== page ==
An employee of Neighborhood Health, which provides primary care services through multiple health clinics in Fairfax County, administers a COVID-19 vaccine to a pediatric patient. (Courtesy of Neighborhood Health)
A petition to mandate COVID-19 vaccines for school employees and all eligible students failed this week when the Virginia Department of Health opted to take no action on the request.
In a decision posted Monday, the agency stated that it lacked the “clear statutory authority” to mandate the shots for employees. Under state law, the department does have the ability to add new vaccine requirements for students, but pointed out that federal health agencies have yet to add the COVID-19 vaccine to its childhood immunization schedule.
“While recommended, it’s not yet been formally added,” Dr. Laurie Forlano, VDH’s deputy commissioner for population health, said in a phone call on Monday. “And that’s the big reason for our decision.”
Barring federal action, the failed petition likely marks an end to efforts to require the vaccine in Virginia schools. Governor-elect Glenn Youngkin has publicly opposed mandating the shots, even while calling on Virginians to get vaccinated. The same views are largely held by the state’s Republican lawmakers, who now hold a majority in the House of Delegates.
But amid ongoing national debates over vaccine mandates, the public petition was a largely unprecedented way for concerned parents to make their case. Historically, the General Assembly has updated Virginia’s school vaccination requirements through legislation. A 2020 bill, though, added new immunizations to the schedule and included language allowing the state Board of Health to fast-track changes or additions.
State law also requires agencies to consider any public petition for regulatory action, according to Joseph Hilbert, VDH’s deputy commissioner for governmental and regulatory affairs. Combined with the agency’s recently expanded authority, the process opens up the possibility of amending school vaccine requirements through regulatory action rather than through legislation.
The petition, filed in September, specifically called on the state Department of Health to mandate vaccines for school employees and eligible students, who now include all children aged 5 and older. The petitioner, listed online as Kristen Calleja, also asked the state to allow only medical exemptions to the regulation.
“My daughter and all other students should have a right to be able to attend school without being unnecessarily put at risk by other students and teachers who refuse to be vaccinated,” Calleja wrote, adding that “the irrational minority should not be dictating the public health policy for Virginia or the schools.”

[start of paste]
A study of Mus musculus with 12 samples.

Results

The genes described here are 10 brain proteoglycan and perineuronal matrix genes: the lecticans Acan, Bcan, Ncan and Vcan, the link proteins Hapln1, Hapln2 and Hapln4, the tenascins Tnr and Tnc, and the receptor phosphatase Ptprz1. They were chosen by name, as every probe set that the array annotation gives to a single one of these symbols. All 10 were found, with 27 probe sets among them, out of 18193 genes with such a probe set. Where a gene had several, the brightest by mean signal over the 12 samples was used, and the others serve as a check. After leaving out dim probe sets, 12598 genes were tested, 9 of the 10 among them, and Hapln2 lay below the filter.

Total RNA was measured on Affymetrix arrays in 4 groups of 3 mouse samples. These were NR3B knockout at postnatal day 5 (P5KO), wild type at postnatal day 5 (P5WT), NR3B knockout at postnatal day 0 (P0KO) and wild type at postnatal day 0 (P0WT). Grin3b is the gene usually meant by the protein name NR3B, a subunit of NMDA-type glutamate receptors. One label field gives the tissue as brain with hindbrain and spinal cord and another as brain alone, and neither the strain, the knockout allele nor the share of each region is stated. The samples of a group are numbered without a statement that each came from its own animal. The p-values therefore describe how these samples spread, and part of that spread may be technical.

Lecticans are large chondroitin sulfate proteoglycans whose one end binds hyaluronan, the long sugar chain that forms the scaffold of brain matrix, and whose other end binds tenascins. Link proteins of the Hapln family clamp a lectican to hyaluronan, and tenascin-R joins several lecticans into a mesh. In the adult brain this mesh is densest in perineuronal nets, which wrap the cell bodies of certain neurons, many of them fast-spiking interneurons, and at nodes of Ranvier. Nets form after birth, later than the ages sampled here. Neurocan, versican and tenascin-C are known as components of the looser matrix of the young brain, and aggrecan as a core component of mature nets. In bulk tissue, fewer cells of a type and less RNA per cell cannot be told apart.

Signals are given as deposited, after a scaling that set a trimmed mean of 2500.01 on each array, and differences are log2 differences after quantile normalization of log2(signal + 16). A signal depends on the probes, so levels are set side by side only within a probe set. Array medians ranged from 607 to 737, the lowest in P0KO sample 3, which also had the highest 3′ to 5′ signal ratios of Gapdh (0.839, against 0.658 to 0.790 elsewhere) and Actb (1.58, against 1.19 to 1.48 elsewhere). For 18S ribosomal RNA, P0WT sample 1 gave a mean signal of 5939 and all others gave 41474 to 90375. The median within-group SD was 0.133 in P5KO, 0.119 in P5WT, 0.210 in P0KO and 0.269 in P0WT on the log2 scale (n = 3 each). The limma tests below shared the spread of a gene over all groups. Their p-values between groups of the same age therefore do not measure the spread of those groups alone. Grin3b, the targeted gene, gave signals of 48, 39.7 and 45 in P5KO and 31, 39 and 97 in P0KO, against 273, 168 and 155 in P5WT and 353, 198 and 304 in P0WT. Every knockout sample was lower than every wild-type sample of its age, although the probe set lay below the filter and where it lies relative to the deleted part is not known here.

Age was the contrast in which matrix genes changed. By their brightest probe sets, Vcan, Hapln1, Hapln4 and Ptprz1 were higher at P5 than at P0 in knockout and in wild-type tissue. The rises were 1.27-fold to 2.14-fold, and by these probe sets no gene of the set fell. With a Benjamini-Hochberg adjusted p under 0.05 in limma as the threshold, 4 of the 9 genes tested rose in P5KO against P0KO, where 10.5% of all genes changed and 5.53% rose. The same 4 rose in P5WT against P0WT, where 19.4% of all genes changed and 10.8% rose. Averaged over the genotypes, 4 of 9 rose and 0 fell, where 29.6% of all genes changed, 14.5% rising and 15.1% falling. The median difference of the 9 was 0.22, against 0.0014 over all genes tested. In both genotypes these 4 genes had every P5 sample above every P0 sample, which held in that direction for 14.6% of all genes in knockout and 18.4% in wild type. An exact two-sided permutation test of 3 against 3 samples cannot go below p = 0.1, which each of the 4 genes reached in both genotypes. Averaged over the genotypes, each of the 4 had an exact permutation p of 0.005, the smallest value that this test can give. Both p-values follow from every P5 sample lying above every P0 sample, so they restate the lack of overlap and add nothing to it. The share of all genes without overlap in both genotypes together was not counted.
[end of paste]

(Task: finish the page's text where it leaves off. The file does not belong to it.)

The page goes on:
The petition broke records for VDH’s typically sleepy regulatory process, accumulating 11,718 unique comments online. The vast majority — nearly 95 percent, according to the agency — were against a potential mandate, with more than 6,000 Virginians urging the department to keep school vaccines voluntary. But more than 600 residents supported requiring the shots for both students and school employees.
The department lacks the authority to remove religious exemptions to required school immunizations, it pointed out in its decision. While pediatric cases of COVID-19 have been a growing concern since the fall, when the rise of the delta variant led to a sharp spike in cases, the success of school-based mandates have been mixed. The city of Richmond recently backtracked on a decision to take disciplinary action against school employees who refused the vaccine, concerned that it could exacerbate vacancies across the division.
Currently, COVID-19 and the flu are the only diseases with vaccinations recommended by the U.S. Centers for Disease Control and Prevention but not required for school attendance in Virginia. Forlano said the flu vaccine largely isn’t required for logistical reasons, including the fact that the formulation changes every year and often isn’t released until after the start of the school year.
“For something like measles, you get the series when you’re a small child and that’s that,” she said. “It’s not an ongoing thing, which can become pretty administratively and financially complicated for school districts.”
While the same isn’t currently true for the COVID-19 vaccine, there’s potential that the same logistical hurdles could emerge. Several vaccine manufacturers have introduced plans for yearly boosters, even though it’s not clear whether they’ll be necessary (even with some degree of waning immunity against individual infection, data suggests the shots remain highly effective against hospitalization and death.)
“It’s hard to say,” Forlano said. “There could likely be some similarities between the two vaccines, but no one knows for sure.”